Keys to small business resilience in uncertain times

young woman working from home, using her laptop on the floor, resilience

By Professors Gregory B. Fairchild, Jared D. Harris and Morela Hernandez of Darden School of Business, University of Virginia

Businesses have come through hard times and often traumatic events before. But today what feels different is the timeline.

In the case of a fire or burst pipe, owners and stakeholders may be able to predict when the problem will be fixed and make plans for when business as usual may resume. But what can they hold onto in the uncertainty of a global pandemic? As infectious disease expert Dr. Anthony Fauci so bluntly put it, “You don’t make the timeline, the virus makes the timeline.”

Faced with a limited customer flow at best, forced shut down of operations at worst, and a looming economic recession, this uncertain timeline leaves small businesses to decide what is best for the company and its stakeholders without knowing what the future holds. What lessons can they take from the success and resilience of other small businesses that have survived crisis?


The reach of a small business goes far beyond the walls of the building. Employees rely on their salaries, customers rely on the products, and the community relies on them to keep jobs and profit local, as well as drawing on them as a form of identity. During a recession, it is unlikely that all of these relationships will remain intact. To stay afloat, businesses will have to make difficult decisions that will affect their stakeholders in negative ways. Although the business owner cannot control the loss of employees or decrease in production, she or he can control how the business responds and communicates with the stakeholders about it.

In times of transition, communicating with full transparency is one opportunity for business owners to demonstrate their commitment to the community. Being transparent about the difficult decisions being made will not make the decisions any easier, nor will it alleviate any of the financial strain that may be part of the decision. It will, however, provide an opportunity to build a lasting bond with stakeholders, one centred on trust and honesty. For example, keeping the company informed on all of the measures taken to try to avoid having to lay off employees throughout the process can lessen the emotional and psychological toll of such measures. It might show lay-offs in a different light; perhaps as a mutual temporary sacrifice that can engender feelings of solidarity and commitment. Sharing both the decisions and the difficulty with stakeholder networks can help community members empathize with the small-business owner. It will help both parties see the importance of what, collectively, they have created.


In the midst of all of this uncertainty, it is easy to get lost and feel helpless. It is essential that small-business owners — that everyone — remembers that there will be a time when this is over. The world will get through this, and it will begin functioning once again. There will be a period when we will begin moving again. While we may not know when it will be, we do know that this will not last forever, and looking toward that future is imperative to keeping hope alive. While this pandemic is life-changing, both on an individual level and for society as a whole, eventually life will get back to normal — even if it will be a new normal.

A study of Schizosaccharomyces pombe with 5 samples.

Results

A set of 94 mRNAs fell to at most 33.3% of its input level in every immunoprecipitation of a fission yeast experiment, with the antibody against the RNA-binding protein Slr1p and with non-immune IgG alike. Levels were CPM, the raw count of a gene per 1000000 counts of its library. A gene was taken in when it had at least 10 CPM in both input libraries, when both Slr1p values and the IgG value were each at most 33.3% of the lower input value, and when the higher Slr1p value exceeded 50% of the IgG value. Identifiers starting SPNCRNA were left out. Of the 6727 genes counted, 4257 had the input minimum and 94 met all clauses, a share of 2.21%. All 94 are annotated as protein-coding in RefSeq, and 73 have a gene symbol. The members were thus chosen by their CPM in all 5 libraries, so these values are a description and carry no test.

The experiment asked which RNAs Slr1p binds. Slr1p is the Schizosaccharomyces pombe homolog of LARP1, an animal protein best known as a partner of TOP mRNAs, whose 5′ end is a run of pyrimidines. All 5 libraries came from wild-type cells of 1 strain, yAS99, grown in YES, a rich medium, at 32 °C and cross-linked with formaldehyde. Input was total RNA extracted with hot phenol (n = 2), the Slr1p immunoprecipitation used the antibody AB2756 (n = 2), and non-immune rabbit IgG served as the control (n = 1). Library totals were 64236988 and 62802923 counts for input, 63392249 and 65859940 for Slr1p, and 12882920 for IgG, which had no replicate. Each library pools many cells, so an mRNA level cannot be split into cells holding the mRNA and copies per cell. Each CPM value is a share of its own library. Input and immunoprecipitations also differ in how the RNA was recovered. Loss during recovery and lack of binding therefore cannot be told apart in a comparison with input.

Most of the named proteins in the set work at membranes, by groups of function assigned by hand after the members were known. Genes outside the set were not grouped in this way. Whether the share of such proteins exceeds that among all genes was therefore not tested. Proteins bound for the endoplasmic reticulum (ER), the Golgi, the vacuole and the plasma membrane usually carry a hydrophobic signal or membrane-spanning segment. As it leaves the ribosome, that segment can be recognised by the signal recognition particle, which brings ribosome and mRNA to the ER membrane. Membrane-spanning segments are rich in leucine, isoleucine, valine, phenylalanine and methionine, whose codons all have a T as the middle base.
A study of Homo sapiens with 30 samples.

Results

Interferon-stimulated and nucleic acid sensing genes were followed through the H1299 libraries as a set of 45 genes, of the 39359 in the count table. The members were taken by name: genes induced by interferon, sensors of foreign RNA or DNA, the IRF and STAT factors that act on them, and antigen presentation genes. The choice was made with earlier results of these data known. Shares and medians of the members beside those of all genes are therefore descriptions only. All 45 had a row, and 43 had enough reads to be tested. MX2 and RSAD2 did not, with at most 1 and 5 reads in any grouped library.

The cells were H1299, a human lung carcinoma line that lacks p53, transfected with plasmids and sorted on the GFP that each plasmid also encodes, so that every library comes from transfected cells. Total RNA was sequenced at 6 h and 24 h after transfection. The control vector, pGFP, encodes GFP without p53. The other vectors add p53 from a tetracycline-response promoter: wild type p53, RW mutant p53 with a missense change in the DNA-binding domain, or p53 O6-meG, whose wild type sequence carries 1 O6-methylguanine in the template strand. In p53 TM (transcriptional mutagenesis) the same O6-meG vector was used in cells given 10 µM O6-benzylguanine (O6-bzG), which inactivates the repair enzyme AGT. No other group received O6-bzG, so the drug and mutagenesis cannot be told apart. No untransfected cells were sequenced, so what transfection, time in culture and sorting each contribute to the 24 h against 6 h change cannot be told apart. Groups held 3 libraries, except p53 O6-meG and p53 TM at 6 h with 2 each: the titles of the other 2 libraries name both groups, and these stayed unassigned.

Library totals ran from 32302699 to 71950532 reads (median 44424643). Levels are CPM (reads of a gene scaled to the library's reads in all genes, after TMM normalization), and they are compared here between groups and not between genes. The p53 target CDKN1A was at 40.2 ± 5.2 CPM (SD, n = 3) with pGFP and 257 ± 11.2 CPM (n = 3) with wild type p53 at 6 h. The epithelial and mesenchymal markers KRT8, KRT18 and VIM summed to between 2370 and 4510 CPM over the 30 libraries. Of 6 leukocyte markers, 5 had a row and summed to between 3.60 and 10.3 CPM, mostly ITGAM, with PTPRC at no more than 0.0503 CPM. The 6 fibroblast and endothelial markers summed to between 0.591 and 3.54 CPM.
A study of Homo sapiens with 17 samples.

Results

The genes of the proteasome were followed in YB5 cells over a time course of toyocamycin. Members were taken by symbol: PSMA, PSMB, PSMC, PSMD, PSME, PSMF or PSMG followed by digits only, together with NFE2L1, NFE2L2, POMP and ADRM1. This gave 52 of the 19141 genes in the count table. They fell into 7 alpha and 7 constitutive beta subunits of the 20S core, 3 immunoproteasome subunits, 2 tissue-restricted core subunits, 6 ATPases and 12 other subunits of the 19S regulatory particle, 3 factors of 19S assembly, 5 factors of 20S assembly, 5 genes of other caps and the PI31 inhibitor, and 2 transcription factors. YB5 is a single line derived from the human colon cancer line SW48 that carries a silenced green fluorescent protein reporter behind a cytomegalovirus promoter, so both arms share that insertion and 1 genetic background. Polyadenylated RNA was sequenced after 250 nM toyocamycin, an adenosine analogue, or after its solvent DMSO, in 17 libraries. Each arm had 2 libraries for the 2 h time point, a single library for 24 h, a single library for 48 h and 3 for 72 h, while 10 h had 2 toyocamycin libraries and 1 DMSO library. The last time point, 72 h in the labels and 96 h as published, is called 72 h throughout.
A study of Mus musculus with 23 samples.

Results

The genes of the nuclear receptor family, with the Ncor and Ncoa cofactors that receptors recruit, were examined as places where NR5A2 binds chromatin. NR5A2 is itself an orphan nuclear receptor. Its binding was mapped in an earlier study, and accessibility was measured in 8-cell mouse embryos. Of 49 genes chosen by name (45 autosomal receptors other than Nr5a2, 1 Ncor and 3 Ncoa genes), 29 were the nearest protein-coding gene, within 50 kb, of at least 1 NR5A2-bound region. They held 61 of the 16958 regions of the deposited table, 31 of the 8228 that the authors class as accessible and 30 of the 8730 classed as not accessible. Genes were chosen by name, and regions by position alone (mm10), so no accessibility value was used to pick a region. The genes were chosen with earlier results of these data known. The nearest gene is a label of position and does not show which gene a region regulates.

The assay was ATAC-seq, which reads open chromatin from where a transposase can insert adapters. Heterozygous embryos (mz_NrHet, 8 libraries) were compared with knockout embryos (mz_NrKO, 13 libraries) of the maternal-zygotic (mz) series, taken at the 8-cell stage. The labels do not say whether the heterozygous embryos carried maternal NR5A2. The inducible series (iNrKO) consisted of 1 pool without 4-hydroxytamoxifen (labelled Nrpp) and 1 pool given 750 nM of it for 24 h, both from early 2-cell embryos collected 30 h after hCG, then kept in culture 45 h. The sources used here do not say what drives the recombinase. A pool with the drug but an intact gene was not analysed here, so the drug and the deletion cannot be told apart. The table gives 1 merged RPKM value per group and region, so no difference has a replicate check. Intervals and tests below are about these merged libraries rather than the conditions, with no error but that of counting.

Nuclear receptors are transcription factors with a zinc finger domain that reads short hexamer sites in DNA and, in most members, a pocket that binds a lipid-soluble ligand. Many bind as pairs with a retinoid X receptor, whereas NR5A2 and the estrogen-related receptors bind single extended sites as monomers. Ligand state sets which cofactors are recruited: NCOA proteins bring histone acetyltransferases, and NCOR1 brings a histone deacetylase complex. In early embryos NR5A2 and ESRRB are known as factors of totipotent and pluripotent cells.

Partnership between small businesses and local community members is important because it offers a path forward and reinforces the prospect of recovery.


Now more than ever, small businesses must call upon their resourcefulness. Through our work on organisational resilience, we found that during hardship, resilient organisations remain flexible and adaptable, [and adjust] to current hardships while building the capacity to respond to new challenges in the future. A lot of small businesses have rolled out a range of measures in order to continue trading through the Covid-19 crisis. For example, one distillery is using its equipment to produce hand sanitiser. Restaurant food suppliers start home delivery food services for customers. Fashion designers start making face masks and PPE for health professionals.

These are a few examples of what many small businesses are doing. Not only is this a way for business owners to respond with flexibility, it is also a way for them to support the community throughout this crisis.

We are in uncharted territory. As a result, there is no handbook for small businesses to follow. For small businesses as well as individuals, it is important know the world will get through this. As a small-business owner, be transparent, be creative and lean on the community, for they will return the support as soon as possible.

About the authors

Morela Hernandez, Jared Harris and their co-authors wrote “Organizational Resilience: A Social Exchange Perspective” in B. Caza, N. Powley and A. Caza’s Handbook of Organizational Resilience. Greg Fairchild is the author of the case study Johnson Lumber: Bet on the Upside or Avoid the Downside? (Darden Business Publishing) with Brad Rourke.